Pawel Brodzinski had a good comment (here) on my post about saying “no” the right way (here), which links to his post laying out his full perspective on the customer is always right principle. I replied to his comment — agreeing with the principle, but cautioning on its application — which I’ve posted below:
Sometimes it is about saying no — or as the Japanese say “Yes, but.” There are times when we don’t take business, especially when we are being “forced” to do so. But if we aren’t taking their money, is that customer really a customer? IMO, no, at least not for that topic.
Of course, I agree that the customer is always right — which makes it critical to be choosy about one’s customers. But the application of that principle is tricky. PMs who allow scope creep to happen on their projects often justify it with a customer service rationale — “the users asked us to build it.” But are the users really the customer of the project? Aren’t the executives who chartered the project and the company they represent the customer? Too many IT staff and PMs are very confused about who is the “real” customer.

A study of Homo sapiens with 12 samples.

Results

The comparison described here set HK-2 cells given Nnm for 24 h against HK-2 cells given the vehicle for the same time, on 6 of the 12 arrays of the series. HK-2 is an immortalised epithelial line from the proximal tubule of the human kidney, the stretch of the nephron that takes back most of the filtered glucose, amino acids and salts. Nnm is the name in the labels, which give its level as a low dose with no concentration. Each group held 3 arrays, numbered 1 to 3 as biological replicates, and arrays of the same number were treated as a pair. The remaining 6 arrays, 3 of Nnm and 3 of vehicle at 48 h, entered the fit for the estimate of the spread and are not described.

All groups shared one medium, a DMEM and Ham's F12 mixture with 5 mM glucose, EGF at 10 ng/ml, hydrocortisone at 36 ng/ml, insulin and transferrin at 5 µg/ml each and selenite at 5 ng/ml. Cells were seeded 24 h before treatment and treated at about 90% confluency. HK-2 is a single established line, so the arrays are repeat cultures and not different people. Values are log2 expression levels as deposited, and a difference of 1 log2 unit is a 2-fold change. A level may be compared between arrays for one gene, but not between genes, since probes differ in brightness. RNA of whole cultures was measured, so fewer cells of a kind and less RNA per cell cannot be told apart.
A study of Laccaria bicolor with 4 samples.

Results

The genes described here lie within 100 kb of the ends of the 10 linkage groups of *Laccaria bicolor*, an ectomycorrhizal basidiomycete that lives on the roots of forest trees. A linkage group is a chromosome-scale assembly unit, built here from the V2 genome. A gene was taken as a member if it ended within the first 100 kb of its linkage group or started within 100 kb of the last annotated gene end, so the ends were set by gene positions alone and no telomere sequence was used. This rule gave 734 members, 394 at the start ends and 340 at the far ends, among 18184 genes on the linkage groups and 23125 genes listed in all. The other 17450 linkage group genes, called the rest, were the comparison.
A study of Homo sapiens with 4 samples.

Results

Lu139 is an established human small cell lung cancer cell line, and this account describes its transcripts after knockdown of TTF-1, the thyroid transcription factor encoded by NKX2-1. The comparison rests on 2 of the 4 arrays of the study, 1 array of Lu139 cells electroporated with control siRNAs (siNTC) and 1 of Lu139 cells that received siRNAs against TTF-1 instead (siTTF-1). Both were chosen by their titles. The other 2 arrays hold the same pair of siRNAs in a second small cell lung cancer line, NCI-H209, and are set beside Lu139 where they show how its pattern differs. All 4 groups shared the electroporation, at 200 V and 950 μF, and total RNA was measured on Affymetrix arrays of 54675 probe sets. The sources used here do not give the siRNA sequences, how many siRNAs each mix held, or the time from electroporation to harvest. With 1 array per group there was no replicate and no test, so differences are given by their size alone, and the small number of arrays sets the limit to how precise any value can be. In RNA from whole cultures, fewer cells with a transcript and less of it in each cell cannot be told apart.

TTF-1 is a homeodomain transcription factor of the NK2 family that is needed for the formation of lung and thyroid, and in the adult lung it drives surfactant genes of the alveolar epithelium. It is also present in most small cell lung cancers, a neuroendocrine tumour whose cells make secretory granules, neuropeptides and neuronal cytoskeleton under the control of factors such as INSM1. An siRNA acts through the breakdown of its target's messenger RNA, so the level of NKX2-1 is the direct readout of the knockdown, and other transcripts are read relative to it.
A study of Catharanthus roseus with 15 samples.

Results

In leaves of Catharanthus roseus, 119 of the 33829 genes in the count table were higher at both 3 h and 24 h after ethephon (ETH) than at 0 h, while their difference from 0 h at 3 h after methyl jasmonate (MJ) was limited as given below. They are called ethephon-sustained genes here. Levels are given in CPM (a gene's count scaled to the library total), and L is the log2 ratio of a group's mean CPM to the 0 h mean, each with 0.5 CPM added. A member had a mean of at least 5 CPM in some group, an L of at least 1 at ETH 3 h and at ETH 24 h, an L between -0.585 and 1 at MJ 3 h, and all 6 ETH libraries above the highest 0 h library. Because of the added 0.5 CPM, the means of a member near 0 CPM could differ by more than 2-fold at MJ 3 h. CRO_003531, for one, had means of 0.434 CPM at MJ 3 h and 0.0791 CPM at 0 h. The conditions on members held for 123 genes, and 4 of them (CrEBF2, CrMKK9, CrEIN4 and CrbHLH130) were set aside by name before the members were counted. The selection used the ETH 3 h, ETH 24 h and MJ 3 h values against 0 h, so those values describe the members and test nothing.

Back to your example [from Pawel’s comment]: when presented with such an opportunity or change request, we can certainly say “yes we can build functionality X.” But there is almost always a trade off that needs to highlighted, at least in the typical enterprise project or program The release will have to be pushed, or the functionality will need to be delivered in a future release, or we’ll need more resources, or we’ll have to assume more risk, or there’s a platform dependency, etc.
In other words, there are choices that the customer — the economic buyer in our terms — needs to make based on his/her strategy and where this project/program fits in. I believe that PMs need to be able to illuminate and influence these choices so you can get to “win/win” where ever possible.